A sea change for James Toth with its altered origin and minimalist compositions, Clipper Ship is an opus of restraint.
An otherwise nondescript street corner, the intersection of Vanderslice and Franklin in Phoenixville, Pennsylvania, is a crossroads of socio-economic statuses in the former steel town residing on the left edge of the Philadelphia suburbs. Head south down the "high bridge" and you'll encounter the heart of the borough with its art galleries, bars, bodegas, coffee shops and the Colonial Theatre -- the town's lynchpin made famous by The Blob. To the west, row homes once occupied by Ukrainian immigrants who staffed the Phoenix Iron Works now belong to first-time home buyers as do the single family homes with mulched and manicured lawns a block north, once built for and by blue collar managers at the turn of the 20th century. An eastward turn towards the "low bridge" with its graffitied railroad trestle, puts one on the path to a series of dead ends and questionable parks covering a three-block stretch lined by apartment houses and stuccoed duplexes dotted by ass-warmed stoops, boarded windows and "Unfit for Human Habitation" notices.
The brick façade that marks this corner bears an East Coast similitude to the Church Hill district home in Richmond, Virginia, that graces the cover of Clipper Ship, the new album from singer/songwriter Wooden Wand. Lacking the urban realism required by the trunk thumpers who traverse Phoenixville's bridges and too obtuse for the office dwellers occupying the newly built luxury apartments along the French Creek, James Jackson Toth's notion that "One Can Only Love" is a universal theme that rings true regardless of one's station.
Compiled after a three-year absence following 2014's Farmer's Corner, one must delve beyond the pensive folk overlay of Clipper Ship to ascertain the brilliance of Toth's current logic. Culling from the likes of James Baldwin, Robert Frost and Trinie Dalton, Toth layers lyrical poetry over musical beds planted by Ryan Norris (Coupler, Lambchop), Glenn Kotche (Wilco), Nathan Salsburg (Joan Shelley), Kyle Hamlett (Lylas) et al. Changing tack, the seven songs of Clipper Ship began as instrumental pieces, their lyrics conceived by Toth at a later date.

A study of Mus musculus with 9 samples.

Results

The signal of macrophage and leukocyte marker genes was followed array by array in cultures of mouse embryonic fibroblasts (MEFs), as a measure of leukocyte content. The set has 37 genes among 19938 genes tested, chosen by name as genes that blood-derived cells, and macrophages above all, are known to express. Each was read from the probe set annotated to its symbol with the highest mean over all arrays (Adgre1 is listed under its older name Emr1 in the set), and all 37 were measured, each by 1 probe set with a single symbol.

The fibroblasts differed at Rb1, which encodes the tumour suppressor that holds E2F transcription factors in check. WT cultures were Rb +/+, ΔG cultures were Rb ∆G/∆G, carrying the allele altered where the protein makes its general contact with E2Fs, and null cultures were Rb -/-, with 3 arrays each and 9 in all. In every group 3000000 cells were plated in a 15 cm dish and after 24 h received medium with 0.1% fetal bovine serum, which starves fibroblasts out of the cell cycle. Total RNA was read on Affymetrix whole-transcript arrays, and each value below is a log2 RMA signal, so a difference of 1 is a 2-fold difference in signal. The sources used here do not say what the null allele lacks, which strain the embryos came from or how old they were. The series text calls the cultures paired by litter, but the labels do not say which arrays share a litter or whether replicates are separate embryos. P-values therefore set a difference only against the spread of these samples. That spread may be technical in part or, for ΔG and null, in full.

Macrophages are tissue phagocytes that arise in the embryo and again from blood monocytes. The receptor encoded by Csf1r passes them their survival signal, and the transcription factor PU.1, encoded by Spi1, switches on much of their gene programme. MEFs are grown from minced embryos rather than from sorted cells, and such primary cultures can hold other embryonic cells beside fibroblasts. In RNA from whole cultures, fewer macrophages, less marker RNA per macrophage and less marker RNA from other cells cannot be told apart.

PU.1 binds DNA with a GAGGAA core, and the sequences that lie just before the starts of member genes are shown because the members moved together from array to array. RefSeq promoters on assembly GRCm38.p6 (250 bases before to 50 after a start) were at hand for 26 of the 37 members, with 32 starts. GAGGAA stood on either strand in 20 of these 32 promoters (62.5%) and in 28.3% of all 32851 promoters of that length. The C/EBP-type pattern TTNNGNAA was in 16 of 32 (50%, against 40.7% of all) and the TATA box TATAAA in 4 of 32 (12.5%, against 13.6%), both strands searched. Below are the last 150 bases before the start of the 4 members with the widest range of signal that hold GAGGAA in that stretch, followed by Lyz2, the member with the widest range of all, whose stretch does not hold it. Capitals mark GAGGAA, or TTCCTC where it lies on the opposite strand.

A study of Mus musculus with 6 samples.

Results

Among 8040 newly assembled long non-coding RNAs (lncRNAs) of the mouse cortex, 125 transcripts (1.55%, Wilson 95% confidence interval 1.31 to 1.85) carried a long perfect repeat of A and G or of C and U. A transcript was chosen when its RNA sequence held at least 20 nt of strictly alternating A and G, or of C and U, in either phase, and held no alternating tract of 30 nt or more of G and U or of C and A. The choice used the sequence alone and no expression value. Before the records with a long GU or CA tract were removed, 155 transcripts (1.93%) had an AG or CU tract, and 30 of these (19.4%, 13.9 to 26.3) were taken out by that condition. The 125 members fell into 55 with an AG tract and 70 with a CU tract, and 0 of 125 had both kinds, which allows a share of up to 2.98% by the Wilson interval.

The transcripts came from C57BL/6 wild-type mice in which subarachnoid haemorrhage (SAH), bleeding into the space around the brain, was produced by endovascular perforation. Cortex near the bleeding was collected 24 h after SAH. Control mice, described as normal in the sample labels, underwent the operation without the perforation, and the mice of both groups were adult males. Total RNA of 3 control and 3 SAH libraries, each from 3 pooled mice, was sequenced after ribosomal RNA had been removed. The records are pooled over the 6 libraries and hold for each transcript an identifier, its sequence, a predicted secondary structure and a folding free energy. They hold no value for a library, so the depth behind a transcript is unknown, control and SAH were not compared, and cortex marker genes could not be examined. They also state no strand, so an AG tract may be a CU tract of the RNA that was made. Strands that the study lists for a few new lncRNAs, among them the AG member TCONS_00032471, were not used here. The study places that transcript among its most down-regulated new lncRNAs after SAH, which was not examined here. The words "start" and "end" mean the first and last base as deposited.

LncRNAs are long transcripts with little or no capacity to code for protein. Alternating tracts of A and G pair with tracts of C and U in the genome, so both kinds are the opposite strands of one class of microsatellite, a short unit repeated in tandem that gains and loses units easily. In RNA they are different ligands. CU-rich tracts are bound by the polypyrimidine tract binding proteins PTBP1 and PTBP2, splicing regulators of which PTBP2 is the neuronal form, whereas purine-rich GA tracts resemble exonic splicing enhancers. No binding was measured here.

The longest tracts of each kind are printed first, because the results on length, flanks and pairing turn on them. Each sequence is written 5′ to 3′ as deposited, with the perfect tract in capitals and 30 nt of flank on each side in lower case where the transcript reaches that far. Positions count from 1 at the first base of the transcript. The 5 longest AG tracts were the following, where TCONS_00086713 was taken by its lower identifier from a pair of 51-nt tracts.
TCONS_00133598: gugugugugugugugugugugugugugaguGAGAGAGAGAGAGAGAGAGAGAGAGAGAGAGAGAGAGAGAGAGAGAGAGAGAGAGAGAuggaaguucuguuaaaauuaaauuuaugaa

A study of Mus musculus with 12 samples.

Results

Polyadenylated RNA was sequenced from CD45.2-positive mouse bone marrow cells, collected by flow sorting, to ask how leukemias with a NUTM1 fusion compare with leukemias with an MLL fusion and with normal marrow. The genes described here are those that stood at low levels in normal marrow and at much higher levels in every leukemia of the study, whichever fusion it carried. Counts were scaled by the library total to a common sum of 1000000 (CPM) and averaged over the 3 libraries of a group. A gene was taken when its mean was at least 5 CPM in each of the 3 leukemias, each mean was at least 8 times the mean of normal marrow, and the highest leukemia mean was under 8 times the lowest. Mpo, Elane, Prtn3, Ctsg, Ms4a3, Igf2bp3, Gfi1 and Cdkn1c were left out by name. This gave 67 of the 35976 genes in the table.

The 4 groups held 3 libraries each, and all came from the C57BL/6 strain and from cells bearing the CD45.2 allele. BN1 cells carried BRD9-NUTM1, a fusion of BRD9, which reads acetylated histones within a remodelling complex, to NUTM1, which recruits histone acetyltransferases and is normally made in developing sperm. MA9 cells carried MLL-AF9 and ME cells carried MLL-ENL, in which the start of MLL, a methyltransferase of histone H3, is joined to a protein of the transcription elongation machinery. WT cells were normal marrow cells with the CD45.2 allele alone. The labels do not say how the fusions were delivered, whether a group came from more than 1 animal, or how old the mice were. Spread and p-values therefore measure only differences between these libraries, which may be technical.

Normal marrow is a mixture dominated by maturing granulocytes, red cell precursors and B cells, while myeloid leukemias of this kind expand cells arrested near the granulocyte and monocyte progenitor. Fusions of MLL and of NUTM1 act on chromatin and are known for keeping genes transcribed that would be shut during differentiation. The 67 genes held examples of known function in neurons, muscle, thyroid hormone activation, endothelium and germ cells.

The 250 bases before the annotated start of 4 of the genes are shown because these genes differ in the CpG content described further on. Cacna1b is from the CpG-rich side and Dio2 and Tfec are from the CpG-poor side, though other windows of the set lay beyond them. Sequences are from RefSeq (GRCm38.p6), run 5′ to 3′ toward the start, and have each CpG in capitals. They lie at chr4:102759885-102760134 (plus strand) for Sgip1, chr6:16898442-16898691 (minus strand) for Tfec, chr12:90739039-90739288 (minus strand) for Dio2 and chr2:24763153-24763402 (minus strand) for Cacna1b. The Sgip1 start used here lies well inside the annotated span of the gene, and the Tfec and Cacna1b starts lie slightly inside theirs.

The floating, acoustic "School's Out" with its pedal steel is sung in sonnet form, the alpha and omega chorus of "The snow is now falling / Now school can begin / The snow has all melted / And school's out again" serves as the song's final quatrain. Outsmarting the unschooled street hustlers, the philosophical narrator of "Mexican Coke" turns the naiveté of his mark on its head; the latter's penchant for nostalgia is cast aside in the name of commerce: "You ask me why I carry cash around with me all the time / Don't you see all these 'Yard Sale' signs? / When I flip this first edition for a cool grand / Then maybe you'll understand."
Despite the false belief that "The sun's not going down, the sun's just being shy", the Sherpa of the Dalton-inspired "Sacrificial" is replaced by a Septa driver ferrying travelers toward the confluence of Vanderslice and Franklin on the 139 bus, its neighboring alleyways and blind corners blanketed in a humid menace of dead paint and moving air come dusk. Clipper Ship, too, takes on a midnight tone with the murder ballad "Mallow T'ward the River". A Faulknerian triptych with cosmic repercussions, the farcical burial of Perry, the protagonist of the piece, shall forever haunt an unnamed river with his ashes; the acoustic build of the first two movements giving way to a skittering Middle Eastern fugue -- a simulacrum of racing hearts and upstream-flowing waters.
Progress begets compromise, or, as Toth sings on "Mexican Coke", "If you leave the doors open so the flies can escape / You’re just inviting the rattlesnakes." As Phoenixville gentrifies and its quadrants close tighter, are its revived murals fated to be "Hurtling past / With a painted moonsail on the mast?" A sea change for Toth with its altered origin and minimalist compositions, Clipper Ship is an opus of restraint. Without a doubt a Wooden Wand album, its players are given the freedom to explore; Toth's innate gift of melody remains, as does is his understanding of the human condition. A sage Everyman, Toth sings for and to all points of the compass -- his grunge-cum-Crip cover attire notwithstanding -- should the populace at large listen, every perpendicular the world over could shine a little brighter and wiser without regard for history or square footage.